GLADSTONE — After Sharon Turner’s father passed away in 2005, she and her elder mother relocated to the state of Georgia. Being born and raised in Gladstone, Turner decided to leave her father and his headstone at Fernwood Cemetery where he lay at rest. On her first Memorial Day out of the UP, Turner received pictures from Gladstone native and long-time friend Jerry Clausen, who had decorated her father’s headstone for the holiday without being asked.
“Jerry had started putting flowers on my dad’s grave and he would send pictures to me,” Turner said. “When I asked him why he did it, he would just say’That’s my job,’ and he would do it every year.”
Clausen and his wife, Darlene, have been placing flowers on gravestones in cemeteries throughout the Delta County area for over 30 years. A week before the annual Memorial Day services that are scattered throughout the area, Clausen will spend an entire day buying and placing flowers. While there is no rhyme or reason to how the flowers are chosen or laid, Clausen ensures that loved ones with empty headstones do not go missed.
“Nobody ever puts flowers out for their people. I don’t know how many times I have walked by and seen that there are no flowers on their graves,” Clausen said. “So when I buy for my family I will buy some extra flowers and spread them throughout the cemetery.”
The placing of flowers is a family tradition for Clausen. Ever since he and his siblings were little, his mother would take them to the annual Memorial Day services at the Fernwood Cemetery in Gladstone. After listening to the band play, standing at attention for the 21 gun salute, and watching as members of the local legion marched along the gravesites, the Clausen family would begin laying flowers for people in the cemetery.
“My mom always told me that I had to put flowers on everybody’s grave,” Clausen said. “So she would take me up here and show me where everybody was in the family and I would put flowers out.”
When Clausen’s mother passed, upholding the family tradition fell upon him. Just like his mother, Clausen would bring his children up to the Memorial Day celebrations, teaching them how to ensure that all gravestones have been given the proper care.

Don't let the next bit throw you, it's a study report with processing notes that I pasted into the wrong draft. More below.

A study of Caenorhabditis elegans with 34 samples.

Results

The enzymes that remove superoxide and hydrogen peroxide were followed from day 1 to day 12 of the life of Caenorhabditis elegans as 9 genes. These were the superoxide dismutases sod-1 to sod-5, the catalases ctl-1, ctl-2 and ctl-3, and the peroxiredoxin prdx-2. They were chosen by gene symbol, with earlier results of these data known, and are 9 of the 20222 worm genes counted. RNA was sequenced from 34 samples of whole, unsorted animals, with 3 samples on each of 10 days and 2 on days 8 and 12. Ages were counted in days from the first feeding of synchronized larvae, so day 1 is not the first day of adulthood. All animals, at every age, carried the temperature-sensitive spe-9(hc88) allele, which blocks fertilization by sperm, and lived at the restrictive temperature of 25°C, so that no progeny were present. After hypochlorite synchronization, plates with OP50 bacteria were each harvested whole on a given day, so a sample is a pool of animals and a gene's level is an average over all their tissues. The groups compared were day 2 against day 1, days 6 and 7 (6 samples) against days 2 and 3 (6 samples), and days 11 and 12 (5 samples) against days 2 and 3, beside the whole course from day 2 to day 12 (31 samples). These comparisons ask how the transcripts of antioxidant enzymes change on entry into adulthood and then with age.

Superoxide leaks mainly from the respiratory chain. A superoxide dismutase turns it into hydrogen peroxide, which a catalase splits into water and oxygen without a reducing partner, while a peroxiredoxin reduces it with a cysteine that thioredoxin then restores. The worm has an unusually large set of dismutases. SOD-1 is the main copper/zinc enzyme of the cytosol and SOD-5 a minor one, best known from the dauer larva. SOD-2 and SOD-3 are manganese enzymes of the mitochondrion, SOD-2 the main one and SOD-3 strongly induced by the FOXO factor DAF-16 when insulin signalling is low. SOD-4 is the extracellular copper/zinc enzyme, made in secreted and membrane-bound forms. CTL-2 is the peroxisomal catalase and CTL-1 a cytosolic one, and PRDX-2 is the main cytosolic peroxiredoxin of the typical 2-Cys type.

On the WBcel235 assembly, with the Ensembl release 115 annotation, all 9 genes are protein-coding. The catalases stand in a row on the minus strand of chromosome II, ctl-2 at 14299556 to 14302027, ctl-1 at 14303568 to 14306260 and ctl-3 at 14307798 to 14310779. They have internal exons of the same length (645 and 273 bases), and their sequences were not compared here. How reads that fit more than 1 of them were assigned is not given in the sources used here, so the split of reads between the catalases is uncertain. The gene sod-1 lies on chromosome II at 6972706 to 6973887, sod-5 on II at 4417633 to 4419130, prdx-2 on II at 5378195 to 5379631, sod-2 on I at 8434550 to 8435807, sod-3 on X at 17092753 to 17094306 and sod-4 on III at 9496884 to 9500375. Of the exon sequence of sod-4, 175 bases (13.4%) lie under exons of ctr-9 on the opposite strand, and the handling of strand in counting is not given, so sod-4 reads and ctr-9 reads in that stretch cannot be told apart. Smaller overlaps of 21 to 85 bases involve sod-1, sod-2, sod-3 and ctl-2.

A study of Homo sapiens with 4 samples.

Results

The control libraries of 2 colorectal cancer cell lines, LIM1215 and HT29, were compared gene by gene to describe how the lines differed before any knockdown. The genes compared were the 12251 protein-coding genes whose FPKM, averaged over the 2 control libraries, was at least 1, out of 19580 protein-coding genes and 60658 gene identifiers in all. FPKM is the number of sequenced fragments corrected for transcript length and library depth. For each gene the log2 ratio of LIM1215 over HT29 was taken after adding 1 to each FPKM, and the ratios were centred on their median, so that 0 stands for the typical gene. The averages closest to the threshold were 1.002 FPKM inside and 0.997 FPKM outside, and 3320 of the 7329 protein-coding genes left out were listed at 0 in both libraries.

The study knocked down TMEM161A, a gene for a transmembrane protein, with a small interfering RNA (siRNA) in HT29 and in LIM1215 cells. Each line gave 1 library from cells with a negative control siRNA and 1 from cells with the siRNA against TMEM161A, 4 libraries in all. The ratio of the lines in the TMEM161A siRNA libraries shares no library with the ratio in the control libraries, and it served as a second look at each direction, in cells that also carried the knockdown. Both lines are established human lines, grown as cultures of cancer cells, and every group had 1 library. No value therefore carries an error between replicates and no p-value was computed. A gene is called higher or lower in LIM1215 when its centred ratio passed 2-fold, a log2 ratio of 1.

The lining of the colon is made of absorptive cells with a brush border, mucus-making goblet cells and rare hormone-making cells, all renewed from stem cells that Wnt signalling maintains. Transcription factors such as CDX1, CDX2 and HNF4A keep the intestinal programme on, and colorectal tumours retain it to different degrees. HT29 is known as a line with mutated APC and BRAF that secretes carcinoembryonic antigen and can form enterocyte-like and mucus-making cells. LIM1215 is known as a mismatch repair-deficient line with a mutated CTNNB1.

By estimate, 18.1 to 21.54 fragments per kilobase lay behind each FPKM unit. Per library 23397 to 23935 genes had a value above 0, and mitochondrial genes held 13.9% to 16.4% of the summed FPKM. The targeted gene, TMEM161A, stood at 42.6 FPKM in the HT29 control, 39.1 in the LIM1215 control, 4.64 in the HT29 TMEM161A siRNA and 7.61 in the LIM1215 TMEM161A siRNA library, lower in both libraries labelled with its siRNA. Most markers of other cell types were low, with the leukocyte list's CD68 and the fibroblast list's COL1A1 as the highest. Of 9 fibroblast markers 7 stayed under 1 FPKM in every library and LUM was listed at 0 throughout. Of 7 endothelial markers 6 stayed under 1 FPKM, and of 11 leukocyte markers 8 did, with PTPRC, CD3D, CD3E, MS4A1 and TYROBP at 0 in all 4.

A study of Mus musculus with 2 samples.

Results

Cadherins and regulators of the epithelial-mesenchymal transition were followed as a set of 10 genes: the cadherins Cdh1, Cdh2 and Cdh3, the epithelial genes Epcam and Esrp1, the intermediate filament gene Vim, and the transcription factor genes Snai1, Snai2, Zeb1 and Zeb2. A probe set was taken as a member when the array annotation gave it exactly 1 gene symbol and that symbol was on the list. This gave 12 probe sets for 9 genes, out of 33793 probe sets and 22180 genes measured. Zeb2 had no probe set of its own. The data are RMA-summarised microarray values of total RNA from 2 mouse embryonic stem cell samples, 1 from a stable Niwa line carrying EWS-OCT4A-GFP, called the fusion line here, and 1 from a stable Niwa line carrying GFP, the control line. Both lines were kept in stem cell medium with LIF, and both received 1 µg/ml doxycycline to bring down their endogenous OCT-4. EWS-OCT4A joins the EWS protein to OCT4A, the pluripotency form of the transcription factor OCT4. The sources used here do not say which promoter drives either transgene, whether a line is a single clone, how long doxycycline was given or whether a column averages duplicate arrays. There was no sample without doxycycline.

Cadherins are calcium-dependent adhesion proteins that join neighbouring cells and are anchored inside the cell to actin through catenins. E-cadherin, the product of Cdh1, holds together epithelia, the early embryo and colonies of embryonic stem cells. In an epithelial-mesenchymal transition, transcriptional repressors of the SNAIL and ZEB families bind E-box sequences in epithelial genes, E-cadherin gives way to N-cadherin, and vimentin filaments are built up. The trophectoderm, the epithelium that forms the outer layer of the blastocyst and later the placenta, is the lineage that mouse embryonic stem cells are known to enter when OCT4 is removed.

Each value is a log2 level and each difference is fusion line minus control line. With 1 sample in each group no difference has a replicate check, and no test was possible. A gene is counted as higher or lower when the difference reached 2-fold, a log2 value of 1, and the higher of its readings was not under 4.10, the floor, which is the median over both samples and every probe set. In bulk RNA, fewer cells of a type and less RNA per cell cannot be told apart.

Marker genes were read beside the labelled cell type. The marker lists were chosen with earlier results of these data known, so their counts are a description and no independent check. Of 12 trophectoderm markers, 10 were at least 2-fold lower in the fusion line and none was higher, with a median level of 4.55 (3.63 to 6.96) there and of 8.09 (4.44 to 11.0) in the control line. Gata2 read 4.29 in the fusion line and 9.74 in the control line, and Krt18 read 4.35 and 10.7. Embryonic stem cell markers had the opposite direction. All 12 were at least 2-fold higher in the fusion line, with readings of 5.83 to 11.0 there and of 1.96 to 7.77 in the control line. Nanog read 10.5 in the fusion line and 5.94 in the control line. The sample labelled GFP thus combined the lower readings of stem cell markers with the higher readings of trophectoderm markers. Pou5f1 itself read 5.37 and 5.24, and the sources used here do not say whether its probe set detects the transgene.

“I took over bringing all our kids and family up [to Fernwood] every Memorial Day, showing them the events honoring the veterans for protecting us at war, ” Clausen said. “So now I am trying to teach my daughters to do as I have with the flowers throughout the cemeteries.”
Clausen and his wife will spend over $ 100 at local dollar stores on flowers and small decorations for the gravestones. After ensuring that his family and close friends have been accounted for in the purchased flowers, all extras will be placed on empty headstones as Clausen walks through the cemeteries.
“[My wife and I] will always pick up a few extra just for whoever, ” Clausen said. “I will always send pictures of the decorated gravestones, the Memorial Day parade, and events going on here to those people as well.”
When Turner’s mother passed in 2017, she was reunited with her husband in the Fernwood Cemetery. While Turner still resides in Georgia, Clausen continues to decorate the couple’s joint headstone. Clausen had been good friends with Turner’s parents, Mary and Robert Sandstrom, years before When Robert began to decline in physical mobility during the later years of his life, Clausen would help him do chores and other odd-jobs around the house at no cost.
“[Clausen] just seems to be the type of person who will help anyone out, ” Turner said. “I just remember when he was sending me pictures of the gravestones I thought’That is just so nice and he never asked me for money.’”
Clausen has memorized the paths to and from the various gravestones he intends to decorate in the cemeteries he visits, recipients ranging from family, close and distant, to old family friends, classmates, and random individuals he has met throughout his life. continue his Memorial Day tradition until he one day passes.
“I get those extra flowers and put them out there for them and say’This is from me buddy,’” Clausen said. “But I do this every year no matter what, for family, relatives, and random people I have known.”